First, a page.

INTRODUCTION

Jennifer Chiaverini's popular Elm Creek Quilts novels weave timeless themes of friendship, family, love, and loss around stories of "strong women who sustain and nourish each other" (Charlotte Holmes, author of Gifts and Other Stories). Each book addresses a personal crisis in each of their lives, and shows how the common, comforting act of quilting helps them to confront painful truths as well as to build dreams for the future.

The Quilter's Apprentice, Jennifer Chiaverini's debut novel, was hailed by the Daily News as "a terrific story about healing and forgiveness." Round Robin, her acclaimed follow-up, continues the story of Sarah McClure, who came to Waterford, Pennsylvania with her husband Matt a few years earlier. Praised by reviewers and authors alike, it tells a moving and uplifting tale of sisterhood and loyalty as Sarah leads the Elm Creek Quilters—Diane, Bonnie, Judy, Gwen, and Agnes—in the creation of a round robin. A quilt created by sewing concentric patchwork to a central block as it is passed around a circle of friends, the round robin is to be a gift to their beloved fellow quilter Sylvia Compson, whose life is haunted by the specter of World War II.

Through their interactions, the intricate threads of the women's individual lives emerge, along with the choices each must make. Weaving together the disparate sections of their crazy-quilt existences, Round Robin explores the complex and enduring bonds between mothers and daughters, sisters and friends, and the ways in which we stitch our lives together, piece by imperfect piece.

 

ABOUT JENNIFER CHIAVERINI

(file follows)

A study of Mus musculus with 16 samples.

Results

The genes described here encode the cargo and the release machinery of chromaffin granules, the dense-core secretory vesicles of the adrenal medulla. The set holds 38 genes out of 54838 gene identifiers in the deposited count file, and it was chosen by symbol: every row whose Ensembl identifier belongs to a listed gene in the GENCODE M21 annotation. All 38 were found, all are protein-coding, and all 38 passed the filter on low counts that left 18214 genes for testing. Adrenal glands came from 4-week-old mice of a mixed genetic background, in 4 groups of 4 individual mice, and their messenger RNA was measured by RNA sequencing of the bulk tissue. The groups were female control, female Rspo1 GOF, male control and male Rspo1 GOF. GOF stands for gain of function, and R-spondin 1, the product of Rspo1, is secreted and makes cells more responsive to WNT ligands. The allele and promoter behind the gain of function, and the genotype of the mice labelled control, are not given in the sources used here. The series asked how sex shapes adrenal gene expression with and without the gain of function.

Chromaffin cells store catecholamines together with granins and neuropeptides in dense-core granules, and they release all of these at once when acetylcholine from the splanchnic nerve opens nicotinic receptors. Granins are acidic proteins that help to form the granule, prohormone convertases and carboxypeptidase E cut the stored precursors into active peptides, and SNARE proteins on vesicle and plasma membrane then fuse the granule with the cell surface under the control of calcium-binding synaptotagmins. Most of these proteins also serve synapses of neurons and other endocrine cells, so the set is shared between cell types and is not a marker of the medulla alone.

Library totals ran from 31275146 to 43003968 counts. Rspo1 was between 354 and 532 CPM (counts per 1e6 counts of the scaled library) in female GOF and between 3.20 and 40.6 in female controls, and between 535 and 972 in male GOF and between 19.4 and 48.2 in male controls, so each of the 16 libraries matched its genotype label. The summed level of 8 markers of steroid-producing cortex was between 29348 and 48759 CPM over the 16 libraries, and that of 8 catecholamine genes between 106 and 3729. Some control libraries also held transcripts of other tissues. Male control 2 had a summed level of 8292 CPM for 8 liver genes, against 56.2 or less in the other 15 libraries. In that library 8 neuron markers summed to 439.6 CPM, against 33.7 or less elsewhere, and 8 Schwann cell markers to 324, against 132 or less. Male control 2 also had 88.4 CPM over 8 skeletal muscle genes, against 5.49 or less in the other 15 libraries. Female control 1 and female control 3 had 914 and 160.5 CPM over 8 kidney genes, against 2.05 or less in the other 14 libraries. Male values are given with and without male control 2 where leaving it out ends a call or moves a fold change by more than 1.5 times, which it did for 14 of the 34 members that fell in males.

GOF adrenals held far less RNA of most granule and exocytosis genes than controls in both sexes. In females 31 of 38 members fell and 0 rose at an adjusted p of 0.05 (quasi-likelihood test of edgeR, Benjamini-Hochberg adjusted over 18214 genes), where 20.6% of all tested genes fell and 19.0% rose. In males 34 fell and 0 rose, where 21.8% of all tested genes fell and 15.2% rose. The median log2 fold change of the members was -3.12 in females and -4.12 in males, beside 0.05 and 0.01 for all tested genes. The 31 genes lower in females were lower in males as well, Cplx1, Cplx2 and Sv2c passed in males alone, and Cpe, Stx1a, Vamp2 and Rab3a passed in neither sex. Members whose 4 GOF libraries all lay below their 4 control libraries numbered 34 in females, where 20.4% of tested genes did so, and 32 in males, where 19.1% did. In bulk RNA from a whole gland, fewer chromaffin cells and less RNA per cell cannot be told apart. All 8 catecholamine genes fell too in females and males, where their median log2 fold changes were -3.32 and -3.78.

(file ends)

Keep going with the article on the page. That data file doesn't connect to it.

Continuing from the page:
Jennifer Chiaverini is the author of The Quilter's Apprentice, Round Robin, The Cross-Country Quilters, The Runaway Quilt, and The Quilter's Legacy (all available in Plume editions). She lives with her family in Madison, Wisconsin.

 

DISCUSSION QUESTIONS

  1. Early on in Chapter One, Sylvia, visited by ghosts of the past, reflects that now, "armed with the wisdom of hindsight and regret, she could set everything to rights." What does she mean by that? Does she succeed?
     
  2. Describe a round robin. What is its significance in the creation of a quilt— and in each of the quilter's lives?
     
  3. What are the problems each woman faces? How do Sylvia, Sarah, Diane, Bonnie, Judy, and Gwen attempt to resolve their individual crises? How close do they come to achieving personal fulfillment and long-term happiness?
     
  4. In her heart, Sylvia will always consider the Elm Creek Quilters "family," although they can never replace the loved ones she lost more than half a century earlier. Who is she talking about? Describe her relationships with various members of her flesh-and-blood family, and discuss how they have impacted on her principles and beliefs and shaped her life.
     
  5. In the interview on page seventeen, Gwen says that "quilting speaks to something deep within the woman's soul. Quilting draws us back into a community." Explain what she means by this. What role can and does quilting play in today's society, where "the essential element of human contact has been lost?" What about in the resolution of personal issues?
     
  6. What is the essence of the special bond between Gwen and her daughter Summer? Does it evoke envy in the others? Who, in particular? Speaking of mothers and daughters, what is Sarah's relationship with her own mother like? What is the promise she makes to Sylvia about learning to be tolerant and accepting of a woman she loves but "doesn't like very much?" How does Sylvia help her to learn from her own mistakes? What changes Sarah's attitude toward her mother? What about Sarah's mother's feelings toward her daughter?